1/9/2019 3:00:00 PM
Retail Trade is vital to the seven-county Twin Cities Metro Area. With 8,759 establishments supplying nearly 168,000 jobs, it is the region’s third largest-employing industry sector (and less than 2,000 jobs from the region’s second largest-employing industry sector, manufacturing). About one in every ten Metro Area jobs is in Retail Trade.
Retail Trade is a diverse industry sector consisting of two main types of retailers: store and non-store. Store retailers operate at fixed point-of-sale locations, typically with much advertisement. Examples of store retailers include clothing stores, gasoline stations, office supply stores, and automotive dealers, among others. Non-store retailers communicate with customers through infomercials, paper and electronic catalogs, door-to-door solicitation, in-home demonstration, portable stalls, and vending machines.
Table 1 highlights the major subsectors within Retail Trade. For example, General Merchandise Stores (Department Stores, Warehouse Clubs and Supercenters) is the largest-employing retail subsector, with over 33,000 jobs. Food and Beverage Stores (Grocery Stores; Specialty Food Stores; and Beer, Wine, and Liquor Stores) is the second largest-employing retail subsector, with nearly 31,000 jobs. Food and Beverage Stores added over 5,700 jobs in the Metro Area over the past five years of annual data; General Merchandise Stores lost nearly 1,300 jobs during that same time.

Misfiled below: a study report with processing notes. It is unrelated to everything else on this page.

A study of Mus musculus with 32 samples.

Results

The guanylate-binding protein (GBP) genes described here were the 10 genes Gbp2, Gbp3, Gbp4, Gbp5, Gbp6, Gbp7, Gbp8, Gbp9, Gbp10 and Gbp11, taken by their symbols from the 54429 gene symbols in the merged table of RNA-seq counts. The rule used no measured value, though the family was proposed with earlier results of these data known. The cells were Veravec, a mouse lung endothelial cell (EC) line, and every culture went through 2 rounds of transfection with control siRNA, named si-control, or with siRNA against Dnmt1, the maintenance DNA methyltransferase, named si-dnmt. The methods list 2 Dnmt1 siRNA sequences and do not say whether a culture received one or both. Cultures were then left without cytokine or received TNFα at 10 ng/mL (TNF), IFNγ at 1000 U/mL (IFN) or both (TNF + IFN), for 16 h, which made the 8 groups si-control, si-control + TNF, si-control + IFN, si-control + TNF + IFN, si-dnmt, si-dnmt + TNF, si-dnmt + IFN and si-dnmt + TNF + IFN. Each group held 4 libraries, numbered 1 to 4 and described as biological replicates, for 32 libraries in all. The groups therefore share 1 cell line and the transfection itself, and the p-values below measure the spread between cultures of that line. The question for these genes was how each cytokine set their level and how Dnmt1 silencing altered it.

Overall, Retail Trade has grown more slowly in the Metro Area than the overall economy. Between 2010 and 2017, for example, Retail Trade added 14,729 jobs, expanding by 9.6 percent. During the same time, all employers added 201,362 jobs, expanding by 13.1 percent. While Retail Trade has experienced moderate growth since the end of the Great Recession, it is still about 1,755 jobs below the pre-recessionary level of employment it hit in 2007 (Figure 1).
The top-ten employing occupations within Retail Trade include:
As of the second quarter of 2018, employers reported over 11,000 job vacancies within sales and related occupations in the Metro Area. This represents a 21.9 percent increase in the number of vacancies from the previous year, and is the highest number of sales and related vacancies ever reported by employers in the Metro Area in the job vacancy survey’s history. Clearly, retail sales jobs are in high demand.
With a diverse array of subsectors and occupations, Retail Trade is guaranteed to remain a vital industry sector.
Contact Tim O’Neill at 651-259-7401.